A wonderful counterpoint to our culture of competitive self-comparison, reminding us that we can choose to amplify each other’s accomplishments because there is, after all, enough to go around.
“If you want to concentrate deeply on some problem, and especially some piece of writing or paper-work,” Muriel Spark counseled, “you should acquire a cat.” Long before the cat became a modern literary muse, a monk whose identity remains a mystery immortalized his beloved white cat named Pangur. Sometime in the ninth century, somewhere in present-day southern Germany, this solitary scholar penned a beautiful short poem in Old Irish, titled “Pangur Bán” — an ode to the parallel pleasures of man and feline as one pursues knowledge and the other prey, and to how their quiet companionship amplifies their respective joys.
The poem has been translated and adapted many times over the centuries (perhaps most famously by W.H. Auden), but nowhere more delightfully than in The White Cat and the Monk (public library) by writer Jo Ellen Bogart and illustrator Sydney Smith — one of four wonderful children’s books about the creative life, which I recently reviewed for The New York Times.
Smith, who has previously illustrated the immeasurably wonderful Sidewalk Flowers, imbues the ancient text with contemporary visual language through his singular, elegantly minimalist graphic novel aesthetic.
We see the old monk poring over his manuscripts in search of wisdom as Pangur prances around their spartan shared abode, chasing after a mouse and a butterfly. Each is totally absorbed in his task.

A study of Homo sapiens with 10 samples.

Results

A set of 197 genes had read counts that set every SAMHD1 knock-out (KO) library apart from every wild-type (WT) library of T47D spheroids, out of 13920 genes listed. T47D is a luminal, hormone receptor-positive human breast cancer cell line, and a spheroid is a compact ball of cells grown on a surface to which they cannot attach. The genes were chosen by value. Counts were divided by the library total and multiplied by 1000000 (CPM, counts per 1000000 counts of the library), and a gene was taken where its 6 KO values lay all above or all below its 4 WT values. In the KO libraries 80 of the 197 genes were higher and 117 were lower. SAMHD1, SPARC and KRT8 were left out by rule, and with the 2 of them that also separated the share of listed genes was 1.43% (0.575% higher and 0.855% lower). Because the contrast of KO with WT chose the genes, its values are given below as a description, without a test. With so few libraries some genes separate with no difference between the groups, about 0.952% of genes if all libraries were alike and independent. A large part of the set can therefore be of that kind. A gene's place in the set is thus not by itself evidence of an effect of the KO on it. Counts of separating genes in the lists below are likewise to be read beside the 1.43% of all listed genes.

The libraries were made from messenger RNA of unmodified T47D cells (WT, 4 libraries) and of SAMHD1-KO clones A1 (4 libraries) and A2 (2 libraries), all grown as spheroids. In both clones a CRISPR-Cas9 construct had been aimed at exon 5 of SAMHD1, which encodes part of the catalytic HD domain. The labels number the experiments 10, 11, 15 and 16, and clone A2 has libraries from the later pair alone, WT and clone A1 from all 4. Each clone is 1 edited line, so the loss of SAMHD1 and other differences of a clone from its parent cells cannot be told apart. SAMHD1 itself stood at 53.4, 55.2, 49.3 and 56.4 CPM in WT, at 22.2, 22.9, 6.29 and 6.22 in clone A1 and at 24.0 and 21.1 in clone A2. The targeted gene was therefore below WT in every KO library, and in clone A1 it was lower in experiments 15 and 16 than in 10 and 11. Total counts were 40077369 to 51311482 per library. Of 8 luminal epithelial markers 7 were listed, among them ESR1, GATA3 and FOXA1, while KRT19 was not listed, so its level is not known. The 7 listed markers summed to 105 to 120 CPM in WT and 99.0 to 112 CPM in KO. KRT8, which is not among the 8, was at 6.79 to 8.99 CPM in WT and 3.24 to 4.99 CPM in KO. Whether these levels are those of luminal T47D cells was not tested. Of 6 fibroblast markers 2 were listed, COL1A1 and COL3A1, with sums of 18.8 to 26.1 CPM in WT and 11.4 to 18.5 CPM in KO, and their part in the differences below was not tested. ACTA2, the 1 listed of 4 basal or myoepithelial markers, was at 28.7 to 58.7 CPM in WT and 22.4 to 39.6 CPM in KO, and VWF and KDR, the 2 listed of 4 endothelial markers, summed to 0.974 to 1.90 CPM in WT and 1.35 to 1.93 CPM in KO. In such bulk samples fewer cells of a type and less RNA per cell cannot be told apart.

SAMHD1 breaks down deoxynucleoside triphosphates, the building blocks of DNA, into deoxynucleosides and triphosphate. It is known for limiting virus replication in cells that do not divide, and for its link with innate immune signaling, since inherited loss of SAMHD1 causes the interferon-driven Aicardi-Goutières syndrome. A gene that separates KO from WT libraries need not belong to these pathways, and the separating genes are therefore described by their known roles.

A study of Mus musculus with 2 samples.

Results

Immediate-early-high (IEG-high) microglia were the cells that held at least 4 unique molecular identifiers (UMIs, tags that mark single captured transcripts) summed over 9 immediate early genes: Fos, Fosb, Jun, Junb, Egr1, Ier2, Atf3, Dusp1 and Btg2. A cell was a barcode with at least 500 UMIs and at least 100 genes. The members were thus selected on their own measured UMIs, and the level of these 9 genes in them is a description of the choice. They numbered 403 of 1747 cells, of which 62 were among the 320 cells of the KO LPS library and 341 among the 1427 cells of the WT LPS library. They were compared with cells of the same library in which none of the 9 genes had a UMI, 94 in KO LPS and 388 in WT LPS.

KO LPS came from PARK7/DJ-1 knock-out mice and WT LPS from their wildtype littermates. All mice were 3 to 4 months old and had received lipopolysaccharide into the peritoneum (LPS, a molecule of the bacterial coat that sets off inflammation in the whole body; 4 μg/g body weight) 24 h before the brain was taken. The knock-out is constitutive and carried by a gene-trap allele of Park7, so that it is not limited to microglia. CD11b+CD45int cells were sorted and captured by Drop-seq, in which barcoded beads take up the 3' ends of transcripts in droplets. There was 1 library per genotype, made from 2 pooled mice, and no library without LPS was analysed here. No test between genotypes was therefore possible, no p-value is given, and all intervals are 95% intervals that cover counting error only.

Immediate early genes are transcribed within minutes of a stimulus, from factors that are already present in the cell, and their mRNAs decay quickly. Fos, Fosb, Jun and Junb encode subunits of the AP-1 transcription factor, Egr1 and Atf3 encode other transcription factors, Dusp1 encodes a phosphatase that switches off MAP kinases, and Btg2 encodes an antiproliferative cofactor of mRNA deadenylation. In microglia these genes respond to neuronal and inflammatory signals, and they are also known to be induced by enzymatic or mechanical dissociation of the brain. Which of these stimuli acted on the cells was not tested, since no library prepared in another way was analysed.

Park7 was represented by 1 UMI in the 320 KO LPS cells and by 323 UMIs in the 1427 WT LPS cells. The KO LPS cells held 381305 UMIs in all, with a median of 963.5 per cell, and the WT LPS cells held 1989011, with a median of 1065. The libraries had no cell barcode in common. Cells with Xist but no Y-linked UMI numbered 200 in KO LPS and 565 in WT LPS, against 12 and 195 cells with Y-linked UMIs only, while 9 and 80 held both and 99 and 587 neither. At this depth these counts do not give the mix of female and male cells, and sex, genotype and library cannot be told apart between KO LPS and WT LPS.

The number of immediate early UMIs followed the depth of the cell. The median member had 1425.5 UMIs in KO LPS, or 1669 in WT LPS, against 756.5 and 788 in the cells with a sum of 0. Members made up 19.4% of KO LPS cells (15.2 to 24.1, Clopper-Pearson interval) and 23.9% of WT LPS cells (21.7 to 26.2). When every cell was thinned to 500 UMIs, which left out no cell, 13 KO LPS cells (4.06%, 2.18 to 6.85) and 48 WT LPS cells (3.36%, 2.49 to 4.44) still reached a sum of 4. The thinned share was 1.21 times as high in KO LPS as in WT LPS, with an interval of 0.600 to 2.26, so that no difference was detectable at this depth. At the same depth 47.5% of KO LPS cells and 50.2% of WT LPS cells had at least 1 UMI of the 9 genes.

In a subtle story-with-a-story, one of the monk’s manuscripts contains an even more ancient depiction of another monk and another cat — a reminder that this creaturely communion is a primal joy of the human experience.
At the end of each day, the two rest into their respective gladnesses in quiet camaraderie.
Written as a playful ode in the ninth century, today the poem lives partway between lamentation and celebration — it stands as counterpoint to our culture of competitive striving and ceaseless self-comparisons, but it also reminds us that the accomplishments of others aren’t to the detriment of our own; that we can remain purposeful about our pursuits while rejoicing in those of others; that we can choose to amplify each other’s felicity because there is, after all, enough to go around even in the austerest of circumstances.
The White Cat and the Monk comes from Canadian indie powerhouse Groundwood Books, who have brought us such treasures as The Menino, A Year Without Mom, and Morris Micklewhite and the Tangerine Dress. Complement it with the vintage gem The Story of Mrs. Lovewright and Purrless Her Cat by Lore Segal and Paul O. Zelinsky and the contemporary treasure Lost Cat by Caroline Paul and Wendy MacNaughton — two very different, equally wonderful stories about love and humanity enlarged by a feline friend.